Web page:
More than 2.6 million people have been forced from their homes in the DRC because of intensified fighting.
Bukavu, Democratic Republic of the Congo - For six days Irene Kabisha has been waiting for the man with the megaphone to call her name and provide her with food.
Together with hundreds of other displaced people from eastern DRC's Shabunda district, she's in line for her share of United Nations emergency rations: 60 kilos of flour, 18 kilos of split peas, a jar of palm oil, and a can of salt. Some of them hide from the boiling sun under brightly coloured umbrellas, tired from waiting since the early morning.
When a bridge in a neighbouring village collapsed, 26-year-old Kabisha was compelled to walk to the food distribution centre in Mulamba, a day trip through DR Congo's green hills. These hillsides, not far from the broken bridge, quickly turned into a provisional marketplace.
A day of pulling cassava plants earns Kabisha a plate of rice or beans. Occasionally she transports a large cart full of fruit and vegetables, her youngest child riding on top.
Kabisha is one of more than 2.6 million internally displaced people(IDPs) in the Democratic Republic of the Congo.
According to the Internal Displacement Monitoring Centre's (IDMC) latest report released in May, armed conflict in eastern Congo intensified "dramatically" during 2012, driving up the number of displaced people to record levels.
"According to authoritative sources, there were more highly violent conflicts in Africa in 2012 than at any time since 1945," IDMC reported.
There are almost four times as many internally displaced people as there are refugees in Africa, it said. And unlike refugees, IDPs do not have special status under international law.
It is the vulnerable caught up in conflicts who suffer the most. Kyung-wha Kang, an official from the UN Office for the Coordination of Humanitarian Affairs, visited DRC's troubled South Kivu region last month.
Kang went to the Panzi Hospital in Bukavu to meet women and girls who had suffered rape and other sexual violence. She was told by the medical director that about 300 rape victims are treated there each month, a number on the rise from the previous year.
Battle for resources
Every time violence flares between opposing militias, new flows of people are forced out of their homes. This happened in January in the village of Kabagozi, when Kabisha was suddenly awakened by the crackle of gunfire.
That night, fighters executed someone in front of Kabisha's family home. The killing was apparently part of a lingering battle between rival groups.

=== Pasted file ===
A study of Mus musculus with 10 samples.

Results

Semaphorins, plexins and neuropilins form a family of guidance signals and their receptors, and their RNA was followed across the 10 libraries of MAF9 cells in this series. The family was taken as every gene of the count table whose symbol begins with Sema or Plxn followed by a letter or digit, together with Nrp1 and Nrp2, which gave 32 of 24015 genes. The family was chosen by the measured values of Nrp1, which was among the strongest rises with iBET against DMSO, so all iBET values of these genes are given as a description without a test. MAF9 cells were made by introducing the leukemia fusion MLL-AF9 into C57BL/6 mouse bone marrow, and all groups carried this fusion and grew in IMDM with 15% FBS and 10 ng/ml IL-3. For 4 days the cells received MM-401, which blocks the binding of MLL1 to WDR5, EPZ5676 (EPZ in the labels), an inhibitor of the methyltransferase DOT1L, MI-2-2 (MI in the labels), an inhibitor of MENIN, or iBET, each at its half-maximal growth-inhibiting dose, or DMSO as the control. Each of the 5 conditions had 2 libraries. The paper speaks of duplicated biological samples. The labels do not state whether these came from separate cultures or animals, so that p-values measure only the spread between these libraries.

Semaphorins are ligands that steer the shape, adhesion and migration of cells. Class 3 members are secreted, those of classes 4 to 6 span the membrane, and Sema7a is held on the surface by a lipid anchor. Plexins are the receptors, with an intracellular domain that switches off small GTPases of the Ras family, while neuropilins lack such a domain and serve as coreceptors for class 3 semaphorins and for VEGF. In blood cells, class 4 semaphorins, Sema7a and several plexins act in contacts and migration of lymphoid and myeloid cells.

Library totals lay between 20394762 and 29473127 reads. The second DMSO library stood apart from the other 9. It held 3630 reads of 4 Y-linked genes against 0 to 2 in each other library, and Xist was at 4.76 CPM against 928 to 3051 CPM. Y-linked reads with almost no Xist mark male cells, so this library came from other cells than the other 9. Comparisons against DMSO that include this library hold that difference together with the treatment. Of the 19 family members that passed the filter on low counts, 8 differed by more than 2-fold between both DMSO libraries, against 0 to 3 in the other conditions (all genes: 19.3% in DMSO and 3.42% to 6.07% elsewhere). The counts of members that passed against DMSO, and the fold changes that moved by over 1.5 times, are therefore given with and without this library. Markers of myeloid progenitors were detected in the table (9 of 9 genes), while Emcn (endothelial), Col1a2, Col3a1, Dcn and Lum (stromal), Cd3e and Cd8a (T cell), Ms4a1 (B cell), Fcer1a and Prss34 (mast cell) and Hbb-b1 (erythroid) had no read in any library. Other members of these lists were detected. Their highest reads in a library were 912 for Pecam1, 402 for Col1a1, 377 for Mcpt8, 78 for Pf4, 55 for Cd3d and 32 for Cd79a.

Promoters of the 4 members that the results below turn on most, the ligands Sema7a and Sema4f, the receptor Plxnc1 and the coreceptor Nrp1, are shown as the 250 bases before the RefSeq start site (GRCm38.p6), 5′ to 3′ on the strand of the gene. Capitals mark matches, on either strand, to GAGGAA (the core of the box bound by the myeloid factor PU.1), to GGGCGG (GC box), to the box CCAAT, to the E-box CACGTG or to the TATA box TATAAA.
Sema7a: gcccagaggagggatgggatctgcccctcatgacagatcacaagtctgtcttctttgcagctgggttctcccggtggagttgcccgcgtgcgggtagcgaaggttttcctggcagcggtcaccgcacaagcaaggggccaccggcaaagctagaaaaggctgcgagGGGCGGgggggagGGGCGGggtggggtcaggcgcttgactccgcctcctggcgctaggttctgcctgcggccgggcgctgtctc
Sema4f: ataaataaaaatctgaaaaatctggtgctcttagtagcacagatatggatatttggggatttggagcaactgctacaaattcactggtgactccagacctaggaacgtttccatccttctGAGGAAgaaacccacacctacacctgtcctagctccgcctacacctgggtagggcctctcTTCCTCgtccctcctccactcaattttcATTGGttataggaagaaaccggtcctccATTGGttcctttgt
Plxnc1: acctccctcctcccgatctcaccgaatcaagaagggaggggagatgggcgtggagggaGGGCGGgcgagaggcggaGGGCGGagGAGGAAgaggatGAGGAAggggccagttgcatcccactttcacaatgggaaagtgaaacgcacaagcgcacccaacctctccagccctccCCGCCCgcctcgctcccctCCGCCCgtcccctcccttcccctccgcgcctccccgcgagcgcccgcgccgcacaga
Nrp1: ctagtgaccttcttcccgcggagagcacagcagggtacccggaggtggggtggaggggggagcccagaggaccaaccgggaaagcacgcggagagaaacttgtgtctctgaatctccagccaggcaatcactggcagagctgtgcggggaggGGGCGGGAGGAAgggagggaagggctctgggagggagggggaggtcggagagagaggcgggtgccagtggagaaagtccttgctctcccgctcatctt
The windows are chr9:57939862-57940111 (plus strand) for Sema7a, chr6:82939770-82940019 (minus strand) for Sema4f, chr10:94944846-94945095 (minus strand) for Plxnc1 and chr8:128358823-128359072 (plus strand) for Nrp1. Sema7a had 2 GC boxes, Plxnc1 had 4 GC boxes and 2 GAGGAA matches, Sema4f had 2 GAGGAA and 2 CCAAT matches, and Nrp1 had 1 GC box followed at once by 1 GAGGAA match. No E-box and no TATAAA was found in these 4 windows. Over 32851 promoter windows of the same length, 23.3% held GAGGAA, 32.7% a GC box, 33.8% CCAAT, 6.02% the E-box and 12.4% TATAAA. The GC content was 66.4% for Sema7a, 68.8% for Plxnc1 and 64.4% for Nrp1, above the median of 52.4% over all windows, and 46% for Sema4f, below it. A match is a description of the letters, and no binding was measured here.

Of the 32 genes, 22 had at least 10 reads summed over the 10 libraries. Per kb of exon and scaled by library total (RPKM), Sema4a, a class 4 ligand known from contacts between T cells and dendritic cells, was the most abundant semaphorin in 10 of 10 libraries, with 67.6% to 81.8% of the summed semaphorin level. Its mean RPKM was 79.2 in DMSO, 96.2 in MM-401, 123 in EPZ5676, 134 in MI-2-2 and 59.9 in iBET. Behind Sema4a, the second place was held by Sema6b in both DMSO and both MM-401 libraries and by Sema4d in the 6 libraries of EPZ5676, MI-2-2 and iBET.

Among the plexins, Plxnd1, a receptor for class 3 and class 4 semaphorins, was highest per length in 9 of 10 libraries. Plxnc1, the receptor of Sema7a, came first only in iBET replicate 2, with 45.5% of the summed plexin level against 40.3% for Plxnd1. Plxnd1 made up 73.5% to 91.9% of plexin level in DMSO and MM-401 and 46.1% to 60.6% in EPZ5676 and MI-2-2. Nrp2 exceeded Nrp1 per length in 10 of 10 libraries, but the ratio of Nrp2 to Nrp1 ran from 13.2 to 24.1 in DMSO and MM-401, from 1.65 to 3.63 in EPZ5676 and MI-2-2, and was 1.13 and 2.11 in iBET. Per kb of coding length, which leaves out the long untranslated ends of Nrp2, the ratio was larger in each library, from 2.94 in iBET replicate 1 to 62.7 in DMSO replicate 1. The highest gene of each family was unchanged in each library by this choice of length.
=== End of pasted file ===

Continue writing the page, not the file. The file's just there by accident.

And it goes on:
Clashes between certain militias are often characterised as a continuation of the 1994 Rwandan genocide. It's more than just an ethnic conflict, observers say, as it's also a battle for natural resources including copper, cobalt and diamonds.
South Kivu, of which Shabunda is a part, is home to dozens of armed groups.
In March, the UN Security Council announced MONUSCO peace-keepers will be strengthened with an intervention force, with a mandate to implement offensive action in cooperation with the Congolese army.
Their goal: to disarm and eradicate rebel groups in South Kivu and the northern provinces - including "Le Mouvement du 23 Mars" (M23), whose former leader Bosco Ntaganda now awaits trial at the International Criminal Court in The Hague.
But even without heavyweights such as Ntaganda, the war continues as before, says Georges Kilindila, an aid worker. Standing in the shade of a tree, he oversees the food distribution system. Every few minutes someone approaches Kilindila timidly asking, "When is it my turn?"
Many displaced people here have been waiting for rations for more than a week.
Throughout the conflict, various rebel formations have separated and fused together, leading to a flood of new child soldiers, malnutrition and epidemics. MONUSCO tries to monitor these militias, but that proves to be difficult, if not impossible.
Complicating matters, the Congolese army (FARDC) - which the UN intervention force wants to work with - has been allegedly linked to pillaging, rape and other war crimes. M23 rebels have also been accused of similar activities.
"War has no rules," says Kilindila with a nearly toothless grimace. "Even we, citizens of the east, often don't know who is who and who does what," he adds of the various groups of fighters.
During a meeting in Addis Ababa, Ethiopia in February, UN Secretary General Ban Ki-Moon said, "Congo must remain a top priority". Eleven African countries signed onto a plan designed to create peace and stability in the eastern Congo at the meeting, and Ban Ki-Moon called the agreement "significant".
'Stop the violence'
The African Union has also been trying to address the problem. Last December, the Kampala convention came into force, binding governments to provide legal protection for internally displaced people. But some are still sceptical that they will receive adequate protection from relentless war in the region.
Previously concluded peace pacts for the DRC conflict signed in 2008 and 2009 have failed to stop the violence.
"Why would it [stop] now?" says Kilindila at the food distribution centre, wiping the sweat off his forehead. "People ask themselves that all the time."
Despite the fighting, some Congolese residents remain hopeful. Drivers who arrive in the border town of Bukavu from the interior are greeted with white signs reading: "Stop the violence! Let us work for peace!"
Colourfully painted schools, churches, pharmacies and grocery stores are decorated with the words pour la paix - French for "peace".
But for refugees including Kabisha, it's difficult to maintain hope. "I have three children," she says, pointing to a toddler carrying a baby on his back.
Her oldest boy, 4, is missing, she says. In the confusion of the escape from her village, she lost him. "Maybe my neighbours found him. Or one of my cousins."